YOUR SAY: Should the Melbourne Cup be banned?
THE Melbourne Cup controversy is sure to continue after Aidan O'Brien trained galloper The Cliffsofmoher became the sixth casualty of the race that stops a nation since 2013.
Heartbreaking scenes cast shadows over the spectacle as the four-year-old was euthanised trackside after he broke down early on in the 3200m race, reportedly due to a fractured shoulder.
The Cliffsofmoher joined Verema (2013), Admire Rakti and Araldo (2014), Red Cadeaux (2015) and Regal Monarch (2017) as horses who died during or after the race in the past six years, prompting various animal welfare groups and protesters to decry both the Cup and the wider racing industry.
READ MORE ON THE LATEST MELBOURNE CUP TRAGEDY
RSPCA Australia released a statement saying they were "deeply saddened" by the tragedy.
"The Cliffsofmoher is the sixth horse to die as a result of the Melbourne Cup since 2013, highlighting the dark reality of what is otherwise lauded as a national day of celebration and good cheer," the statement read.
The Coalition for the Protection of Racehorses released their list of 119 horse deaths on Australian racetracks between August 1, 2017 and July 31, 2018, which equates to "one horse every three days".
The Courier Mail journalist Greg Davis countered calls for the Cup and the racing industry to be scrapped.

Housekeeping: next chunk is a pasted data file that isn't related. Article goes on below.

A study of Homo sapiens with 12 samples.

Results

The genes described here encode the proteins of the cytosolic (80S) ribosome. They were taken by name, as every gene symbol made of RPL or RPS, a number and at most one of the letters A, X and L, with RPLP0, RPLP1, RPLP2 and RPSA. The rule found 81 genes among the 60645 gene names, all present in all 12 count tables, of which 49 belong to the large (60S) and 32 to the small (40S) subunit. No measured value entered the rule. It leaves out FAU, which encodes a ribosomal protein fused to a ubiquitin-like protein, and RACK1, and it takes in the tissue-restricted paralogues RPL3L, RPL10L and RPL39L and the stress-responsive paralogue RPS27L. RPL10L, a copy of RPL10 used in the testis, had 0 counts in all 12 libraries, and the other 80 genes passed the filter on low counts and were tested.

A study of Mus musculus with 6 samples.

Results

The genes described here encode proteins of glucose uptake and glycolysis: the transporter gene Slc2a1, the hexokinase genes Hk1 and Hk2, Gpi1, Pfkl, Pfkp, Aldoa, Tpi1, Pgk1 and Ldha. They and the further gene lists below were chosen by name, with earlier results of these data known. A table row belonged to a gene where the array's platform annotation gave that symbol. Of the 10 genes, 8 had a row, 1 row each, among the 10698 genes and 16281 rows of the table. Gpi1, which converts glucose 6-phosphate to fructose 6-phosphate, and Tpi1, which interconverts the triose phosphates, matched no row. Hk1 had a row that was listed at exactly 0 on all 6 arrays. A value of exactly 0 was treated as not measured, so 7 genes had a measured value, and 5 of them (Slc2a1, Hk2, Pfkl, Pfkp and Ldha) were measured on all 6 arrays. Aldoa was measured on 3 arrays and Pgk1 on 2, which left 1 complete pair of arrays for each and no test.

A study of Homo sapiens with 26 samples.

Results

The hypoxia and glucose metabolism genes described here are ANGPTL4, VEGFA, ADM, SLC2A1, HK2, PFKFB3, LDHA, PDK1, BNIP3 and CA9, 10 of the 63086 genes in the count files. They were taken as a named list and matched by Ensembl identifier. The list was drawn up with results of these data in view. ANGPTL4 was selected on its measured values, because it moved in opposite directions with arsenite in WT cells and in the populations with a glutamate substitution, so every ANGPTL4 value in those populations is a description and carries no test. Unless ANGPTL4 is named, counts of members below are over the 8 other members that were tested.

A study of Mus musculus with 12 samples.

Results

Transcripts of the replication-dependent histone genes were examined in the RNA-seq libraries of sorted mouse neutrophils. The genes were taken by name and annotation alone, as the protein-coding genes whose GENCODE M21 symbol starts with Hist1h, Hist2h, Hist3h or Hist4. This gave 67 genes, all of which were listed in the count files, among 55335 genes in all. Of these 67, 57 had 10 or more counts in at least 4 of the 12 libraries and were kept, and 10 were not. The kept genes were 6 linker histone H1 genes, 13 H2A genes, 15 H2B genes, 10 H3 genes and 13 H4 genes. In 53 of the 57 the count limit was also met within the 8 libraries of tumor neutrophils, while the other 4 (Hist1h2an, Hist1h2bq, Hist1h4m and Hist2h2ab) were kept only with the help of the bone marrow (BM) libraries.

"The hysterical anti-racing campaigners need to get off their high horse," he opined.
"And once they dismount, they should go visit a working stable first thing in the morning before the sun comes up.
"They'd see hard-working, often lowly-paid people mucking out stables, feeding, cleaning and exercising horses as part of their relentless daily regime to pamper and prepare the majestic beasts that are like family to them."
Celebrity vet Dr Chris Brown mourned the loss of The Cliffsofmoher and detailed the catastrophic nature of leg injuries for horses in a Facebook post.
The Cup debate has been rife all over the country, and it has been no different in Gympie.
Here's what The Gympie Times readers had to say on the heartbreaking development:
Lauren Clark: These animals are athletes and just like you and I, they do break bones. The only difference, we can rest while the bones heal. Horses depend on all four legs. It's sad, but every day horses have freak accidents in the paddocks, competitions and yes, horse racing. If this horse had of (sic) broken his leg in the paddock, I doubt it would of (sic) even been published. Horse racing is one of the biggest horse sports and with so many horses there will always be casualties, you just don't hear about most of them.
Tracey Spencer: These horses are loved! They are well looked after and they love to race. No one in the Melbourne Cup would participate in animal cruelty.
Donna Leigh: I believe as a nation we can do better. (I'm saying nup to the cup).
Amanda Weeks: No surprise, stupid sport.
Jemma Daniels: Happens every year. Nothing but animal cruelty.
Cheryl Jess: The Melbourne Cup to me is a celebration for all the wrong reasons, this story is one of many over the years. Very sad.
Janette Miller: People have too much to say when they know nothing about the industry. We all can read headlines. Spend a bit of time learning how it really is.
Cassie Williams: The issue is undeniable animal abuse.
Where do you stand on the debate? Leave a comment and let us know.